Section 2 Symposium: Michael Salinger on Error Costs and the Case for Conduct-Specific Standards - International Center for Law & Economics
Focus Areas:    Antitrust | Section 2

Section 2 Symposium: Michael Salinger on Error Costs and the Case for Conduct-Specific Standards

Michael A. Salinger is a managing director in LECG’s Cambridge office and a professor of economics at the Boston University School of Management, where he has served as chairman of the department of finance and economics. He is a former Director of the Bureau of Economics at the FTC.

The source of much of the disagreement between the Antitrust Division and the FTC is based on chapter 3, which discusses general standards for Section 2 liability.

A major portion of chapter 3 concerns whether there is a unifying principle underlying appropriate doctrine for all behavior challenged under Section 2. A substantial portion of the chapter is devoted to specific proposals: “effects balancing,” “no economic sense,” “profit sacrifice,” “equally-efficient competitor,” and “disproportionality” tests. I found most of the discussion in chapter 3 to be quite sensible. The problems it cites with the effects balancing test are well-founded. It would be a great test for the incomes of consulting economists, but it requires more precision in economic analysis than the current state of the art can deliver and will likely lead to errors in both directions. The discussion of the profit-sacrifice and no-economic- sense tests helps clarify the distinction between the two. A mere profit sacrifice test is too loose a liability standard. A no-economic sense test is sometimes useful, but it should not be the universal standard for Section 2 liability. The discussion of the equally-efficient competitor test was balanced and useful.

The most controversial part of the chapter is the discussion of the disproportionality test and in particular the conclusion that, even though the Department does not believe that there is a preferred test, the disproportionality test is its preferred test. I am puzzled by that conclusion. It is at odds with the ultimate conclusion that different kinds of conduct warrant different tests because of differences in the costs of false positives and false negatives.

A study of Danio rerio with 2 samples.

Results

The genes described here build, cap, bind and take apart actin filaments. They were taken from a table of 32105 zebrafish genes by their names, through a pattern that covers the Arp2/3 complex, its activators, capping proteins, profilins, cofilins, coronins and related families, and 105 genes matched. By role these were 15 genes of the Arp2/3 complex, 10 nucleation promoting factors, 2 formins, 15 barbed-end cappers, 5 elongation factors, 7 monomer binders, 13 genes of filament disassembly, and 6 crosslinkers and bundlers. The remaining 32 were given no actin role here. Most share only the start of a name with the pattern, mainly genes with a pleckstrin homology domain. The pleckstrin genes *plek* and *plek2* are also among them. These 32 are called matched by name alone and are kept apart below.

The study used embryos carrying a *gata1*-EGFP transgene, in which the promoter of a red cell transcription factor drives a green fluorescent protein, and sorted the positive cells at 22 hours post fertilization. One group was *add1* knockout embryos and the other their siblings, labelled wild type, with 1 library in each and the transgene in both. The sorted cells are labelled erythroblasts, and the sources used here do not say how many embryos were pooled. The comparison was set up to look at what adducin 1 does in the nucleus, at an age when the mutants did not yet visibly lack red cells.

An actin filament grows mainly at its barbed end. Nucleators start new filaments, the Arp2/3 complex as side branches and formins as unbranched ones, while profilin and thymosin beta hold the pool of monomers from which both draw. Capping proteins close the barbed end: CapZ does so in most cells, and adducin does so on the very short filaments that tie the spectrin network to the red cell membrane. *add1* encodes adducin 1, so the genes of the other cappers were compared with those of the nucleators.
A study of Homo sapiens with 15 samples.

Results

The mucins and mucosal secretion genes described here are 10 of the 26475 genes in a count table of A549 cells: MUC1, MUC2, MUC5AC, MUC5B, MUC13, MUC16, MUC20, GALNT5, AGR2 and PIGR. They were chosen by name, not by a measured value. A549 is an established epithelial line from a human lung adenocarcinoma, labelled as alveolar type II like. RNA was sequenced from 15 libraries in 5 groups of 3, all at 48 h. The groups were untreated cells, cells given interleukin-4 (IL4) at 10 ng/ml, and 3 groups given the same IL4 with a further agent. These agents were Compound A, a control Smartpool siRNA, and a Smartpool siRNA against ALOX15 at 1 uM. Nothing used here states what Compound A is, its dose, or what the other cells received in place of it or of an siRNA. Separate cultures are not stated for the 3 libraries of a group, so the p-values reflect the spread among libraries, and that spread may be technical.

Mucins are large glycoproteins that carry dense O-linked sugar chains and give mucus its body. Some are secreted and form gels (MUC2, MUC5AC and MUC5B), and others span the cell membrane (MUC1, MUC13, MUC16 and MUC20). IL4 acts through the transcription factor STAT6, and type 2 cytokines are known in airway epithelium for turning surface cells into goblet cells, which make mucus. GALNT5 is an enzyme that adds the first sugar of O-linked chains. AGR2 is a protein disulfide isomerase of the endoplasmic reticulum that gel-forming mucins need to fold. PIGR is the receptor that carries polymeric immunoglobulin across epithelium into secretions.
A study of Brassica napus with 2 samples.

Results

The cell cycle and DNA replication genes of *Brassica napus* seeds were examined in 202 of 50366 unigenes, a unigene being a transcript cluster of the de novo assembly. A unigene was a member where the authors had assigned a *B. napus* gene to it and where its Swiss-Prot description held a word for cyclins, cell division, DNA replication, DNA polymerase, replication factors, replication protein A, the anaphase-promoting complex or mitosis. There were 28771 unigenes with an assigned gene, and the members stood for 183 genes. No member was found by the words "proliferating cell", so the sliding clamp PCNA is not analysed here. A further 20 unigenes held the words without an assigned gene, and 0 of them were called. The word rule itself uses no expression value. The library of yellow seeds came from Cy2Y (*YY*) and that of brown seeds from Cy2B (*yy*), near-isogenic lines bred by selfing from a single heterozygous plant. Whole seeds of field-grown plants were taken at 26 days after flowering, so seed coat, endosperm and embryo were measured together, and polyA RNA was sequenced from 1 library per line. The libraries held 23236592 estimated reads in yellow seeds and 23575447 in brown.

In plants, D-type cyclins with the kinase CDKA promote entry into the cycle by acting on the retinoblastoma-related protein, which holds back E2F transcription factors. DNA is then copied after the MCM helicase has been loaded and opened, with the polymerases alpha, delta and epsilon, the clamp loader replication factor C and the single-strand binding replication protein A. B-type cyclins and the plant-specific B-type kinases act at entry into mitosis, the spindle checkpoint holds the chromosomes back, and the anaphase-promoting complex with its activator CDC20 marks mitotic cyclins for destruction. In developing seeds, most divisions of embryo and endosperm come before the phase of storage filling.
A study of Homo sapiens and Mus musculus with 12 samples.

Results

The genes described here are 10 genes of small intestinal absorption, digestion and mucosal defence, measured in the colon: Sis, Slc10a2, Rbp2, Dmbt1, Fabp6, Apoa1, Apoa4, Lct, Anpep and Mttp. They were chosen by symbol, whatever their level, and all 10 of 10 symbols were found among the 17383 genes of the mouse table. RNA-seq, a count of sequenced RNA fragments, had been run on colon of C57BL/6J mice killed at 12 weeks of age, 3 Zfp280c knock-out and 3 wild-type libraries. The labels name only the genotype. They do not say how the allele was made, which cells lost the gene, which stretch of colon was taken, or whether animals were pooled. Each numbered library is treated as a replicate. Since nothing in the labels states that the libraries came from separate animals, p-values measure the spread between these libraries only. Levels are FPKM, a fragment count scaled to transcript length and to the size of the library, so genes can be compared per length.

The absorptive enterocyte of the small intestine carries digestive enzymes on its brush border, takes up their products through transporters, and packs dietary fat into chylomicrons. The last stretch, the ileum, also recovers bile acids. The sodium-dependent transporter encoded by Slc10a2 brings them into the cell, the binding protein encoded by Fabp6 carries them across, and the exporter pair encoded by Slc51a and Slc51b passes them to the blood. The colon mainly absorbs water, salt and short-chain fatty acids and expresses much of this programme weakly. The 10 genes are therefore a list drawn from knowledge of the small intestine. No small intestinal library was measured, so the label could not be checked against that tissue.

The standard for predatory pricing established in Matsushita and Brooke Group is, in effect, a “no economic sense” test. Pricing below the relevant notion of cost is behavior that qualitatively makes no sense unless it drives out rivals. (Of course, they also include the requirement that the exclusionary hypothesis makes economic sense.) Aspen Ski relies on “no economic sense” logic. (Exclusion was the only plausible reason that Aspen would not sell lift tickets to Aspen Highlands on the same terms as it sold them to the general public.) In my opinion, predatory pricing and refusals to deal are both classes of conduct for which we should be more concerned with false positives than false negatives.

One of the standard criticisms of the no economic sense test is that $1 of efficiencies can get a company off the hook for behavior that generates $100 of competitive harm. The disproportionality test addresses that criticism. A disproportionality test may be a better conceptual standard than “no economic sense” for refusals to deal (and perhaps Aspen Ski is more accurately characterized as a disproporitionality test), but the difference between the two is a marginal adjustment. Substituting a disproportionality test (which one can think of as a “little economic sense” test) for a “no economic sense” test does not address the primary concern with these tests as general standards. There might be other classes of behavior (like bundled discounts) where the relative concern with false positives and false negatives dictates a standard which trades off those two risks much differently.

The DOJ embrace of the disproportionality test reflects a greater concern with false positives than false negatives for all behavior subject to challenge under Section 2. I agree with the objection Commissioners Harbour, Leibowitz, and Rosch raised with respect to this aspect of the DOJ report. Of course, other aspects of their statement were regrettable. First, there is the rhetoric (“a blueprint for radically weakened enforcement”). And who are all the “stakeholders?” The historical position of the FTC has been consumers are the only proper stakeholders in antitrust. What other stakeholders did they have in mind? Is the antitrust bar (or the plaintiff’s side of it) a proper stakeholder to consider? And their discussion of the individual topics failed to reflect a nuanced, decision-theoretic analysis of which practices require standards that tolerate false negatives to avoid false positives and which require standards where a risk of false positives should be tolerated.

The final conclusion in chapter 3 of the DOJ report is that different classes of conduct require different standards based on differences in the relative risk of different types of errors. I think that is the right conclusion and that is what should frame the entire debate.